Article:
September 8, 2001 | Larry Stewart
It might not have been of the same magnitude, but what happened on DirecTV Thursday night is comparable to the "Heidi" game of 1968, when NBC cut away from a New York Jet-Oakland Raider game in the closing minutes to show the children's movie. Viewers watching the USA network's coverage of the exciting U.S. Open match between Lleyton Hewitt and Andy Roddick on DirecTV were deprived of seeing the last game of the final set. At 9:37 p.m.--12:37 a.m.
July 15, 2001 | SALLIE HOFMEISTER, TIMES STAFF WRITER
Robert Wright, NBC Inc.'s chief executive, holds the record as the longest-running head of any broadcast network for good reason. Since he took the helm in 1986--shortly after General Electric Co. bought its parent company, RCA--Wright has turned NBC into the nation's most profitable network with a disciplined financial approach that often chafes against Hollywood's free-spending style.
BUSINESS
April 10, 2001 | From Bloomberg News
General Electric Co.'s NBC television unit will buy the rest of NBC Internet Inc. it doesn't already own for about $85 million and fold it into the company as NBC seeks to cut losses at the Web site. NBC, owner of the top U.S. TV network among young adults and 38.6% of NBC Internet, will pay $2.19 for each share of NBC Internet, or NBCi, said spokeswoman Rebecca Tompkins. That's 46% more than San Francisco-based NBCi's price Friday.
ENTERTAINMENT
March 7, 2001 | BRIAN LOWRY, TIMES STAFF WRITER
"Frasier's" latest marital cliffhanger was played out behind the scenes, as NBC and the show's production company, Paramount Television Group, finalized a three-year deal late Monday to continue their relationship--extending the Emmy-winning comedy through an 11th season and matching the historic run of its antecedent "Cheers."
ENTERTAINMENT
November 8, 2000 | BRIAN LOWRY, TIMES STAFF WRITER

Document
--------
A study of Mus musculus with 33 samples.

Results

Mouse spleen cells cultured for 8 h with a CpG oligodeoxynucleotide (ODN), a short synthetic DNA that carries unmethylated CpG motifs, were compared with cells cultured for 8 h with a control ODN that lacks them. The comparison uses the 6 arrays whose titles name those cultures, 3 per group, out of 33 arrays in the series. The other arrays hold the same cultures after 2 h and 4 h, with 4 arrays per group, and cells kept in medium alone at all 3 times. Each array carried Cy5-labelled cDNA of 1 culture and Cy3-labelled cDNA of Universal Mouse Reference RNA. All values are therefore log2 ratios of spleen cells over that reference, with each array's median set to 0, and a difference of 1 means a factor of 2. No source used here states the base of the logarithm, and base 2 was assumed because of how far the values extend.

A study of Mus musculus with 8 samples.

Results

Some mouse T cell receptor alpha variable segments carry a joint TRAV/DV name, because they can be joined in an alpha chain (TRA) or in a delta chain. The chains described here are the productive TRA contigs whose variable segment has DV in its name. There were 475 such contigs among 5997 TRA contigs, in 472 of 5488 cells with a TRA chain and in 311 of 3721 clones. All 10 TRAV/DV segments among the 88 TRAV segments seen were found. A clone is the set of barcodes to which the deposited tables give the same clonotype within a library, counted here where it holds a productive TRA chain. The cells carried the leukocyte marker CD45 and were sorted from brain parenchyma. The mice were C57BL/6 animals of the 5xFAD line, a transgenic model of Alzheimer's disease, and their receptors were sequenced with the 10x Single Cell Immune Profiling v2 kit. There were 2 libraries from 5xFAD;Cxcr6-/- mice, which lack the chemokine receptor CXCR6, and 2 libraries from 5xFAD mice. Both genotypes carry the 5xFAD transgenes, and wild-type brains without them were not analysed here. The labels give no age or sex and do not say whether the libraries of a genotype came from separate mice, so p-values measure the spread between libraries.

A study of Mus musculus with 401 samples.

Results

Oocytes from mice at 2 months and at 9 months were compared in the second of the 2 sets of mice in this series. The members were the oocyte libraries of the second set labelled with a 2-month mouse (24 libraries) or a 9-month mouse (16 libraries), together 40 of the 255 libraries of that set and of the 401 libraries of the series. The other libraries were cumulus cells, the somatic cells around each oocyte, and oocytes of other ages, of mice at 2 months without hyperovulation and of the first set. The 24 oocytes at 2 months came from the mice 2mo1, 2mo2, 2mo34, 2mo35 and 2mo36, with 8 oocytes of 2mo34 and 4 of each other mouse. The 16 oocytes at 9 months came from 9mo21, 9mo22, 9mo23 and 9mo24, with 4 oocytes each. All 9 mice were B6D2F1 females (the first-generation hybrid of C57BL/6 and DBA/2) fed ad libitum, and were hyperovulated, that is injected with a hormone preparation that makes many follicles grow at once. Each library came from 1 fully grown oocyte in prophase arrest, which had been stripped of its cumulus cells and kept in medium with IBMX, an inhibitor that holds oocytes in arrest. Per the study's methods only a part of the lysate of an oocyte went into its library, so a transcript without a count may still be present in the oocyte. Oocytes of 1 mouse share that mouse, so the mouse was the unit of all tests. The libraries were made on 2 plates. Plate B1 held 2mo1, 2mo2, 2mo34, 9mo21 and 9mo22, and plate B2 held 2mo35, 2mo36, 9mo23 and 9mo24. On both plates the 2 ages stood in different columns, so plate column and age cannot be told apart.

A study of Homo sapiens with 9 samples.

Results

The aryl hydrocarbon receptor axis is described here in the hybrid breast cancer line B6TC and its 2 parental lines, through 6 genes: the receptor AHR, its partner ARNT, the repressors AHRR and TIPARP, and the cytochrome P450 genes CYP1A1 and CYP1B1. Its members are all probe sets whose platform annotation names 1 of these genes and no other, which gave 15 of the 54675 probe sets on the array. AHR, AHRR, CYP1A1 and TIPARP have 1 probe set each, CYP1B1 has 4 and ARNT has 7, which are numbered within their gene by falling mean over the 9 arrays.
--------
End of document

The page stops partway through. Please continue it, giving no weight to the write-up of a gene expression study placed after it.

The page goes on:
Underscoring the creative desperation that has crept into the television business, Warner Bros. and NBC are employing a novel, cut-rate approach to convince television stations to shift "Access Hollywood" into better time slots. The pitch to stations, in a nutshell, goes as follows: Schedule the entertainment news show between 7 and 8 p.m.
NEWS
September 28, 2000 | RENE LYNCH and TIM BROWN, TIMES STAFF WRITERS
Ask Claire Allens how the Americans are doing at the Sydney Summer Games and she'll rattle off the results of the latest heats, offer an updated medal count and even speculate on what Marion Jones might wear as she continues her run for gold. Since the Olympics began in Australia, Allens has barely left her screen--her computer screen, that is. "I need to know, and I need to know now," said the Long Beach computer analyst, whose job allows her to keep close tabs on it all.
BUSINESS
July 25, 2000 | Bloomberg News
General Electric Co.'s NBC joined in the fight against America Online Inc.'s purchase of Time Warner Inc., urging federal regulators to impose stiff conditions on the transaction. NBC, in a filing with the Federal Communications Commission, said AOL-Time Warner should be forced to provide Internet and video rivals with nondiscriminatory access to their cable lines. NBC's entry into the fight against the transaction is a boost for Walt Disney Co.
BUSINESS
May 13, 2000 | BRIAN LOWRY, TIMES STAFF WRITER
Negotiations between NBC and the cast of "Friends" are going down to the wire, with no agreement in place as the network prepares to announce next season's prime-time lineup to advertisers Monday morning. NBC and Time Warner division Warner Bros. Television, the studio that produces the hit comedy, have gone so far as to set a 9 a.m. Sunday deadline for the six actors, who are seeking raises to about $1 million per episode.
ENTERTAINMENT
March 23, 2000 | BRIAN LOWRY, TIMES STAFF WRITER
Not content to keep letting "Who Wants to Be a Millionaire" dominate prime time, NBC is hoping to find some way to siphon audience from ABC's quiz show sensation. Presenting series candidates for next season to advertisers Wednesday, NBC Entertainment President Garth Ancier said the network must challenge "Millionaire" more aggressively or risk allowing the show to remain a monster hit almost by default.
BUSINESS
March 4, 2000 |
General Electric Corp.'s NBC television unit lost its seat on the board of the National Assn. of Broadcasters, the industry's trade group. The association lifted NBC's board privileges when WNBC-TV in New York, the network's board designee, failed to pay its dues, although the network remains a member in the lobbying group. The action came after NBC demanded that the industry group cut the network's annual dues to $200,000 from $400,000.